Kali Wade was on Paint Branch Trail walking with her sister and her friend when she first encountered the University of Maryland campus fox. It seemed not at all afraid or even caring they were there.

“The first thought was, ‘Oh my gosh, does it have rabies?’” Wade, a junior supply chain management and marketing major, said. “Most people don’t get to see a fox that close up.”

A few weeks ago, a red fox made the heart of the University of Maryland campus its new home. Students have spotted this fox near the Iribe Center, on McKeldin Mall and near Paint Branch Trail, igniting a slew of student social media discourse and discussions of its safety.

Jennifer Mullinax, an associate professor in the environmental science and technology department, said it is not unusual to have foxes on the campus and that for the fox, the campus poses many benefits.

College campuses are “ideal,” for foxes because of the many places to burrow, the abundance of food in mice, rats and squirrels, and the relative safety from heavy traffic, Mullinax said. Red foxes are particularly clever and are able to quickly shift their activity from night to day. This university has foxes on the golf course, behind Xfinity Center and off of Paint Branch Trail, Mullinax said.

“This fox just happens to be setting up their main range right in the middle of big buildings with classrooms, and so people are seeing it much more readily,” Mullinax said. “This particular fox is just kind of a glam fox.”


According to Mullinax, animals with rabies approach humans, are aggressive and release excess saliva. Rabies is one of the major diseases to worry about between humans and foxes, but the disease is “exceedingly rare” in foxes, and this fox doesn’t seem to have rabies, Mullinax said.

“I’ve seen numerous videos now of this fox, and there isn’t one sign that there is anything rabies-like,” Mullinax said. “Right now, we’re just dealing with a fox that figured out that this is a great place to live.”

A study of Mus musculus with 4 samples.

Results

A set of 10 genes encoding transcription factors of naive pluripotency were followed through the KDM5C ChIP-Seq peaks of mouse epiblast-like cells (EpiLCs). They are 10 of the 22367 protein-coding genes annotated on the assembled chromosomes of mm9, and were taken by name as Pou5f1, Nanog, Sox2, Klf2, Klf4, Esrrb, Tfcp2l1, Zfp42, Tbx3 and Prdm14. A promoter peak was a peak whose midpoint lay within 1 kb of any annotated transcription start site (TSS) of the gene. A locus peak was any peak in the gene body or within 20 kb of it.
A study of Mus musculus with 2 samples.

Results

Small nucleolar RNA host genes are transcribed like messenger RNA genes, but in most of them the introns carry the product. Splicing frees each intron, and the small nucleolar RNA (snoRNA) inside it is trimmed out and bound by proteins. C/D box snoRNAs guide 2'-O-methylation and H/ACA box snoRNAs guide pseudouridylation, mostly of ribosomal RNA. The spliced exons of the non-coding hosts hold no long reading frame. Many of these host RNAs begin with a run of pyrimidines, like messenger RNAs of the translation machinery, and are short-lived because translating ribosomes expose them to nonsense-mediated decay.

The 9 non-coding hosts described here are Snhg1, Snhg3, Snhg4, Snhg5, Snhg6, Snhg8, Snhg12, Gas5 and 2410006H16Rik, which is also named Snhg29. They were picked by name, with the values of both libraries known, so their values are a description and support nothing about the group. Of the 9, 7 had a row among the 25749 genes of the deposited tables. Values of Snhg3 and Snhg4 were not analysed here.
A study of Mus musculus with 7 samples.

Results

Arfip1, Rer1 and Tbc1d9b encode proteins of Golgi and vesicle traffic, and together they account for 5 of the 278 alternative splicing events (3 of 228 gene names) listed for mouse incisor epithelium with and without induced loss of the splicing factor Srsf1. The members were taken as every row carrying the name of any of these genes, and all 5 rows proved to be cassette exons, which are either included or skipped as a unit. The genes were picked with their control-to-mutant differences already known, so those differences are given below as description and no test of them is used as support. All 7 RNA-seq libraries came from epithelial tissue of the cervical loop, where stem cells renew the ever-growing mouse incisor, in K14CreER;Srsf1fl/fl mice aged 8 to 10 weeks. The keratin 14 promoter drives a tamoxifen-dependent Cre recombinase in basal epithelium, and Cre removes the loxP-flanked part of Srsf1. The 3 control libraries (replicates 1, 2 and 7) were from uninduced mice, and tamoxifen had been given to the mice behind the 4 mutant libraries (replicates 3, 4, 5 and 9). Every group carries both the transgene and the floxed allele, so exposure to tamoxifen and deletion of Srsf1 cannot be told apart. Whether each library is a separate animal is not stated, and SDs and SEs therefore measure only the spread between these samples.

Andrew Bonicker, who saw the fox near the Iribe Center, feels concerned for it and worries it might be euthanized and taken away if students are afraid.

“Most people say that [the fox] might be rabid … but he looks fine to me,” Bonicker said. “It was prancing around, happy looking.”


Schoenly described the fox’s lack of hesitation around humans as “the scariest part” of her fear for the fox’s wellbeing. Since the fox does not run from humans, Shoenly said it could be caught off guard by students on scooters. She added it shouldn’t be eating trash from students, and suggested covering campus trash cans to protect it.

This university’s facilities management department said staff are monitoring the fox’s movement and habits, and hoping it moves off campus on its own. Students should avoid contact and should not feed the fox, they said. Facilities Management is also considering trapping options if necessary.

Mullinax echoed this warning about contacting the fox. Engaging with and feeding wildlife is to their detriment, and closeness to humans is what puts them in danger and makes them a nuisance and public health hazard, Mullinax explained.

“This is not a pet cat or a domesticated dog. This is a wild animal,” Mullinax said. “We want them to stay wild while we can still appreciate the fact that they’re living on our campus with us.”